Embracing and catering for Learning Diversity
STMC believes that all students are capable of learning and can make progress in their learning although they may differ in various ways, including their prior learning experiences, abilities and disabilities, cultural backgrounds, learning interest and preferences. To embrace learner diversity, we need to cater for and address not only students’ diverse learning needs, but also their different growth needs.
STMC adopts a whole-school approach, together with joint efforts made at different levels, ranging from the school curriculum (including Key Learning Area (KLA) and subject curricula) and the class/group levels, to formulate and implement policies on how best to address students’ learning and growth needs, to design and use appropriate strategies for learning, teaching and assessing students’ progress and performance, and to provide opportunities for students to experience success.
STMC realises that catering for learner diversity is not only about minimising the difference in student ability and performance but about enabling all students, whether they are gifted or with learning difficulties, to learn and perform to the best of their abilities, and about using appropriate strategies to help individual students to learn better and make improvements through identifying and building on their strengths. Diversity among students is regarded as an opportunity to facilitate peer learning and development of students’ generic skills and potential in different aspects.
STMC Policies and Measures:
a) A symmetrical class structure is adopted. There are four classes in each form from F.1 to F.6. One more class was added in F.1 this year, 2021-22, making a total of 5 classes in F.1. Class sizes are getting smaller, averaging about 30 students in each class.
b) At the class level:
STMC teachers design enrichment activities for the more capable students and adopt different groupings to help the less capable students. Teachers help realise the potential of students by learning about their strengths, facilitating the development of their multiple intelligences and providing multisensory experiences that match their preferences.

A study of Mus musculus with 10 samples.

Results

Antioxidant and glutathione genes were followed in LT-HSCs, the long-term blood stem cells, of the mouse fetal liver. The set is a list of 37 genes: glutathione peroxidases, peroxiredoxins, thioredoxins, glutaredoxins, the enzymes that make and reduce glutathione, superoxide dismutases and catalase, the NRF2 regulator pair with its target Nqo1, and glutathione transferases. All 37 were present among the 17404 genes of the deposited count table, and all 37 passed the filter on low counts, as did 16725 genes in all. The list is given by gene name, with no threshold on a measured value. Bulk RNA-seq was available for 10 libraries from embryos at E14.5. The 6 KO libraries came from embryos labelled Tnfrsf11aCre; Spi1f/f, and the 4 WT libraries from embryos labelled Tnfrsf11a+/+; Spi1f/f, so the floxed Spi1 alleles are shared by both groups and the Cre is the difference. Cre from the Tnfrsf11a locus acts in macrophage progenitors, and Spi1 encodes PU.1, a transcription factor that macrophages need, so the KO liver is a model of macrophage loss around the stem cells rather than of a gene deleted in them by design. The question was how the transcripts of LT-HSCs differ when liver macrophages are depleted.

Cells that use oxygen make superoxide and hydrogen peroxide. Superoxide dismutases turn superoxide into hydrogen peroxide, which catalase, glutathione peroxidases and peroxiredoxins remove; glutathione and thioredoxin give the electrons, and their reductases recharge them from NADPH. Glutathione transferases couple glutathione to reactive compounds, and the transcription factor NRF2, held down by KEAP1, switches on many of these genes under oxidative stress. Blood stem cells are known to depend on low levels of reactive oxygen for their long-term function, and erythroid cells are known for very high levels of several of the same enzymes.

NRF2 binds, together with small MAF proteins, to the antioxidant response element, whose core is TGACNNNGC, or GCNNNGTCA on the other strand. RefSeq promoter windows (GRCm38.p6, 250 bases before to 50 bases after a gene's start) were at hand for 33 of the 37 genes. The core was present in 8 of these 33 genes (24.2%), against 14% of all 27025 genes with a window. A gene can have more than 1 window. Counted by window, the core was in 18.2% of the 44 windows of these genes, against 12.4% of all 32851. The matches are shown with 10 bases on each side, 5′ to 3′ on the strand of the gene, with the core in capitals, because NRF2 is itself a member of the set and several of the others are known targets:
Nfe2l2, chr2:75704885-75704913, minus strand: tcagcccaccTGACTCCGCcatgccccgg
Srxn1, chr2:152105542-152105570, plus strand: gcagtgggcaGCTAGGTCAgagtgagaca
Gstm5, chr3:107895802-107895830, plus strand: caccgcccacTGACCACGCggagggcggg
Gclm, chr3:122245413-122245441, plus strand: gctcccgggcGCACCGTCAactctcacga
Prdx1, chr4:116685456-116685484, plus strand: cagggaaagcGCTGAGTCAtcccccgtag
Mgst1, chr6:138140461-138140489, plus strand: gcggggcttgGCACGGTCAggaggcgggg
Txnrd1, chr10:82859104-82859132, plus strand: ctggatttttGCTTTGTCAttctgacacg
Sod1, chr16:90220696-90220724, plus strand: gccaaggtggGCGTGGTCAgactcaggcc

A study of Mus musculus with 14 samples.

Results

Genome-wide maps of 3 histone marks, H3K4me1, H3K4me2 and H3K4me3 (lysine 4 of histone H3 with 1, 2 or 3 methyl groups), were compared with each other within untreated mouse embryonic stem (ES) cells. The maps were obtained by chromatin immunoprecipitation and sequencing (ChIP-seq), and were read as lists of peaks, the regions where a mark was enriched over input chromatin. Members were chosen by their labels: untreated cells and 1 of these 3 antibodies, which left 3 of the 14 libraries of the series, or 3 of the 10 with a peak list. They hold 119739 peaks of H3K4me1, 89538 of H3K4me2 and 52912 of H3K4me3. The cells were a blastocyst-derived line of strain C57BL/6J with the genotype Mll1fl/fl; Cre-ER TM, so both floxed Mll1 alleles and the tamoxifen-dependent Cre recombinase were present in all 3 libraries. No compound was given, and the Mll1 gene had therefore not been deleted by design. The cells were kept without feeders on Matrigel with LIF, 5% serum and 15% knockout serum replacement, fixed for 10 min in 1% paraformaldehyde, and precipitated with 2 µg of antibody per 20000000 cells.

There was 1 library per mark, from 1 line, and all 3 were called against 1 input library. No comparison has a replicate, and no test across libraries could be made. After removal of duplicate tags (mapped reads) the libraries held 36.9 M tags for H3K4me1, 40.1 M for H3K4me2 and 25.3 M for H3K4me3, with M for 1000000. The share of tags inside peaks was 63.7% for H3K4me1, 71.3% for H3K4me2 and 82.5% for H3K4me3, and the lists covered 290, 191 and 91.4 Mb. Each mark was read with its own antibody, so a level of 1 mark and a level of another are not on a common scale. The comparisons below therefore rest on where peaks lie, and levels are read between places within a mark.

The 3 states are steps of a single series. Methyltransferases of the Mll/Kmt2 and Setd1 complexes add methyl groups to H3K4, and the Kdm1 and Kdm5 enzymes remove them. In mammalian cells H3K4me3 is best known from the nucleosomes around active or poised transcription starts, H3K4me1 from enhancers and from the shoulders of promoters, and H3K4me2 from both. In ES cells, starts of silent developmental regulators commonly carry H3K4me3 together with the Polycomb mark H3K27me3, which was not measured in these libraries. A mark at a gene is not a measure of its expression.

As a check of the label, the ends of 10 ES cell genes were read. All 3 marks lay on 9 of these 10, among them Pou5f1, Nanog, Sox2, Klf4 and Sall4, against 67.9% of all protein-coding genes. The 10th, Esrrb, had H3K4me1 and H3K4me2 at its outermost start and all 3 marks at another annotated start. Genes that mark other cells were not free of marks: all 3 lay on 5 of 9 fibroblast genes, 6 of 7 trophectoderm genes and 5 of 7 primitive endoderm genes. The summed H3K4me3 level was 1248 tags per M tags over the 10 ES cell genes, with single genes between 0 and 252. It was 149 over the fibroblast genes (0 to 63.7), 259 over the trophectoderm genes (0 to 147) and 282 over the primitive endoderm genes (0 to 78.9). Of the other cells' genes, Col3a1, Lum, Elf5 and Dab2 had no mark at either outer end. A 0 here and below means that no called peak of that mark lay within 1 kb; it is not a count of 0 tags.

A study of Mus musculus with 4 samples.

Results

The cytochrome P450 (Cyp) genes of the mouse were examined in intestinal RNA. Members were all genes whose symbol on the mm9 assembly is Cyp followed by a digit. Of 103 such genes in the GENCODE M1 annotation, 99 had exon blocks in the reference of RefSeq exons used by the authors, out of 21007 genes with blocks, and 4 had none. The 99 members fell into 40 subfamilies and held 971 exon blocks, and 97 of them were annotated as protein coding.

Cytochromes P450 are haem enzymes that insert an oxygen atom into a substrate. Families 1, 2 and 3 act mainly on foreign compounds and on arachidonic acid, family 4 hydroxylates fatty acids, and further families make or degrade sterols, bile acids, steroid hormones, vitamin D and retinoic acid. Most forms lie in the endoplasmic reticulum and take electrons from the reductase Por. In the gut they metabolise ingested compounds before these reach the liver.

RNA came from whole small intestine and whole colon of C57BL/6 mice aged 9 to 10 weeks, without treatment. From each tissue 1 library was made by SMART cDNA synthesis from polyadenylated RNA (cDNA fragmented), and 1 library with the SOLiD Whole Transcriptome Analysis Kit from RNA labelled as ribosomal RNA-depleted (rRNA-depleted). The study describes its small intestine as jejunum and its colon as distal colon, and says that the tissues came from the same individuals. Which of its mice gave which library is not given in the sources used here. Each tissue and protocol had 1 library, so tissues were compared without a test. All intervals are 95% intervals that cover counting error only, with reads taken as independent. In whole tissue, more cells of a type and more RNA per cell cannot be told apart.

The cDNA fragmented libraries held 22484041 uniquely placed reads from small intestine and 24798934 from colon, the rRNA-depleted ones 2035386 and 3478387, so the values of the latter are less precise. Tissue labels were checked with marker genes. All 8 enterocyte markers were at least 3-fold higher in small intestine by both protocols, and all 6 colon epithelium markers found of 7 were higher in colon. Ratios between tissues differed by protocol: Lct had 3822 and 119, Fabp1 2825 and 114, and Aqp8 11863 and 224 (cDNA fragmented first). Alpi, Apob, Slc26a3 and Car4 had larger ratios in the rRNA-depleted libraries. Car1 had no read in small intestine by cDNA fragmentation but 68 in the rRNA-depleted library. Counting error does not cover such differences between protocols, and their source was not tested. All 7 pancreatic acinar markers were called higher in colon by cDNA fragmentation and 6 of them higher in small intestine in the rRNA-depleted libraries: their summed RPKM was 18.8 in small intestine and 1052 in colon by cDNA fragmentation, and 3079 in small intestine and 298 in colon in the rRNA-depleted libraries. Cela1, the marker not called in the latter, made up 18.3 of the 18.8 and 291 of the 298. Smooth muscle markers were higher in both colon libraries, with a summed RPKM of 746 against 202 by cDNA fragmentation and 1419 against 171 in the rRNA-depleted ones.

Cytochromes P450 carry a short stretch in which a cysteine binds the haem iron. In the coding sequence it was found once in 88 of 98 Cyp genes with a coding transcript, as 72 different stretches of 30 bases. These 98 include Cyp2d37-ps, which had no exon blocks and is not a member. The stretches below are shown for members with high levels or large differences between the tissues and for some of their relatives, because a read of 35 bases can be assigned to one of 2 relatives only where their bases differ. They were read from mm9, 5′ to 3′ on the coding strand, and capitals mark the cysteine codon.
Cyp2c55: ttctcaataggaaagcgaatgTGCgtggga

c) At the group level:
STMC adopts flexible grouping arrangements in accordance with their abilities, interests and learning styles; and co-operative learning to develop positive interdependence among students, their individual accountability for learning, as well as their communication and collaboration skills. For instance:
- Small group teaching is practiced in English, Chinese and Mathematics in F.1 and F.2. By small group teaching, students’ learning needs can be catered in a better way.
- Express Classes of English and Mathematics subjects are offered in F.2 and F.3. High achievers of these two subjects are taught at a quicker pace and are often recommended to various gifted programs organized by tertiary institutions, or the Gifted Education Section under EMB, inter-school competitions in Hong Kong or abroad. By doing so, students’ talent can be fully stretched.
- Enhancement groups of Chinese, English and Mathematics are also provided for selected students in senior forms as constant support and consolidation measures.
d) Curriculum differentiation:
The foundation and non-foundation topics in the senior secondary Mathematics curriculum can help cater for the needs of students with a wide range of abilities. Students who are more interested in Mathematics can study M1 or M2, one of the two modules in the Extended Part, in addition to the Compulsory Part of the curriculum.
e) Students with Special Educational Needs (SEN) support (Please read the ‘SEN Group’ under the Students’ Growth Column)
f) Gifted Students support (Please read the ‘Stepping up gifted education’ under the ‘Four Key Tasks” of the Learning and Teaching Column) Every year, about 100 STMC students from the Junior Forms are recruited and join the pull-out programs in such different fields as Chinese Language, English Language, Mathematics, Science and Information Technology/Computer/Robots.